Bulosan Center Information
Project Mission Statement
The Bulosan Center for Filipinos Studies Initiative aims to continue Bulosan’s legacy by uplifting the voices of the most marginalized in the Filipino community in the United States and the diaspora through community-engaged research and broadly disseminating knowledge about Filipinos for the purpose of advancing their rights and welfare. In short, the Bulosan Center for Filipino Studies, once established, would support research, education and advocacy.
Carlos Bulosan was a migrant worker, labor activist and writer. His America is in the Heart continues to be an important piece of activist-scholarship, while a fictionalized account, America is in the Heart is an important chronicle of the real-life the struggles of the earliest cohorts of low-wage Filipino workers. Bulosan’s writing in and beyond America is the Heart, moreover, served to galvanize those workers, as well as the Filipino community more broadly, to organize themselves to fight against exploitation.
Early Plans for a Filipino Studies Center at UC Davis
Dr. Rodriguez planned for a Filipino Studies Center at UC Davis since 2013. UC Davis has a historical connection with the Filipino Community. The Department of Asian American Studies emerged out of student struggles in solidarity with Filipino immigrant farmworkers in the Central Valley, highlighted with the 1969 UC Davis Student Protests for Ethnic Studies Programs.
The University of California more broadly has a historic relationship to educational institutions in the Philippines as well as to scholarship on the Philippines, largely because of the country’s history as a former colony of the United States (1899-1946). Former UC President David Barrows served as Director of Education in the Philippines from 1903-1909. UC Berkeley history and political science professor (ca. 1876) Bernard Moses was a member of the U.S. Philippine Commission from 1900-1902. UC Berkeley anthropology professor Alfred L. Kroeber published the handbook Peoples of the Philippines (American Museum Press) in 1919.
The Welga Project was created after the passage of Assembly Bill 123 (Legislative Session 2013-2014). On 2013, Assemblymen Rob Bonta authored Assembly Bill 123, which sought the inclusion of Filipino American farmworker history in the K-12 California curriculum. After widespread support, Governor Brown signed AB123 into law on October 2, 2013.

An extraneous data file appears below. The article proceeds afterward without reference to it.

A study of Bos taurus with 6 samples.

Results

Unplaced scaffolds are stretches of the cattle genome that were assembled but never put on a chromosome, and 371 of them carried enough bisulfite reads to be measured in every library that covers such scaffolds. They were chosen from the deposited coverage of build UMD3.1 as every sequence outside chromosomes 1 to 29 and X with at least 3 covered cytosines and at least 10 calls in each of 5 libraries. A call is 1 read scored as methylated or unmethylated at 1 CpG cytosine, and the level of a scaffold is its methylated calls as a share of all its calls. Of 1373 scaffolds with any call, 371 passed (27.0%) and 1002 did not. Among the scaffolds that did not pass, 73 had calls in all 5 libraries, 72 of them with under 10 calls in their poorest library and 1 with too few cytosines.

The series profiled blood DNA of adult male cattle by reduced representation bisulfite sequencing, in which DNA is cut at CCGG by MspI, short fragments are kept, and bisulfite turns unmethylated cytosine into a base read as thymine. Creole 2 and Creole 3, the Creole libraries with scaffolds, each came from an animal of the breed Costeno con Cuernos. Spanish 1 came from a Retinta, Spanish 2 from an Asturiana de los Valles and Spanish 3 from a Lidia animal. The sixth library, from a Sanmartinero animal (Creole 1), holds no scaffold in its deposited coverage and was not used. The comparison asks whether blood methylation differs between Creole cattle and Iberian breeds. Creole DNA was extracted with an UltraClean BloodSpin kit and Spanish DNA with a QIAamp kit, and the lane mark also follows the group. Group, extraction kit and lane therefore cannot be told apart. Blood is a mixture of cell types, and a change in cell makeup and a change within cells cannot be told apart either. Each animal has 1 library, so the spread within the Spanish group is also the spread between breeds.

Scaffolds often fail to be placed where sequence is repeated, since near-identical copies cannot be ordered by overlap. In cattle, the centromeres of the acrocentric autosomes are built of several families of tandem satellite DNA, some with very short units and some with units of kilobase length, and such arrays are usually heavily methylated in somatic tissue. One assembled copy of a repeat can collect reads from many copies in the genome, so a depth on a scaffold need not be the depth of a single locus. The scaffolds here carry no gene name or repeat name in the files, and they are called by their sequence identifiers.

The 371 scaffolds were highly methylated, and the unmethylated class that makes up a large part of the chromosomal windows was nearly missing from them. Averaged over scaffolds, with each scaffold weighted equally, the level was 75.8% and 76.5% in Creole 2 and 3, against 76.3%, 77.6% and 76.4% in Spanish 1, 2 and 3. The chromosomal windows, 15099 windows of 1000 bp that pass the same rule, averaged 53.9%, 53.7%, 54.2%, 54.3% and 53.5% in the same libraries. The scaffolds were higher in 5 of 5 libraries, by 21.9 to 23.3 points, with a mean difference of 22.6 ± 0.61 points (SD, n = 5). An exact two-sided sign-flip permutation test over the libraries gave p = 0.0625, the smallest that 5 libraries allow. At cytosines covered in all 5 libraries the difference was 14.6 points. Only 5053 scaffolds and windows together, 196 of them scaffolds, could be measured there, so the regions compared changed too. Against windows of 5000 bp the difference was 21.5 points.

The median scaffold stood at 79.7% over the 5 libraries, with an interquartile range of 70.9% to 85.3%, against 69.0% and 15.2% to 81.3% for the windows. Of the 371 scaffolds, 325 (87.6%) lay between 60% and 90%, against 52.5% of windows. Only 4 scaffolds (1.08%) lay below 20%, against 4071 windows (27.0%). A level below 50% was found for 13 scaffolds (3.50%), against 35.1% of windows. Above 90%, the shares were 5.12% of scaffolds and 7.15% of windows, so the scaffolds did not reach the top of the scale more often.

In support of AB123, Dr. Robyn Rodriguez of the University of California, Davis established the Welga Project. The Welga Project is funded by two grants, the Community Stories Grant from California Humanities and the UC President's Grant from the University of California Humanities Institute.
What does "Welga" Mean?
"Welga" is the Tagalog word for strike, similar to the Spanish word "Huelga" that adorned the picket lines during the Delano Grape Strike. The project's namesake is meant to honor Filipino American strikers of the Delano Grape Strike and to pay homage to the farmworker movement.
Assembly Bill 123
Assembly Bill 123 was introduced by Assemblyman Rob Bonta, the first Filipino-American politician in California, representing California’s 18th district. Bonta authored AB123 out of personal and cultural motives, as he was raised by Filipino-American UFW members and grew up in the La Paz headquarters. Bonta believes that the accomplishments of Filipino-American labor activists need to be noticed. “The historical significance of vastly influential leaders, such as Cesar Chavez and Dolores Huerta are rightfully synonymous with California’s farm labor movement,” says Bonta, “What is missing from the story is that the Delano Grape Strike of 1965 was led by...first-generation Filipinos.” For Bonta, and all Filipino-Americans, AB123 is “an important part of our (Filipino American) history that hasn’t been told…[and] is about giving voices to those silent in history.” AB123 would require any teaching curriculum regarding Cesar Chavez to “include instruction on the contributions of Filipino Americans to the farm labor movement in California.” Veterans of the United Farm Workers, both Filipino and Mexican, publicly supported AB123. On May 24th, 2013, the Senate Education Committee heard the testimonies of Marc Grossman, Chavez’s longtime press secretary, and Lorraine Agtang, a former UFW organizer and manager of the Agbayani Village retirement home. On August 30, 2013, The Senate Appropriates Committee approved AB123. On October 2, 2013, Governor Jerry Brown signed the bill, effectively chaptering AB123 into law. The chaptered version of the bill stipulates that “state criteria for selecting textbooks include information to guide the selection of textbooks that contain sections that highlight the life and contributions of Cesar Chavez, the history of the farm labor movement.”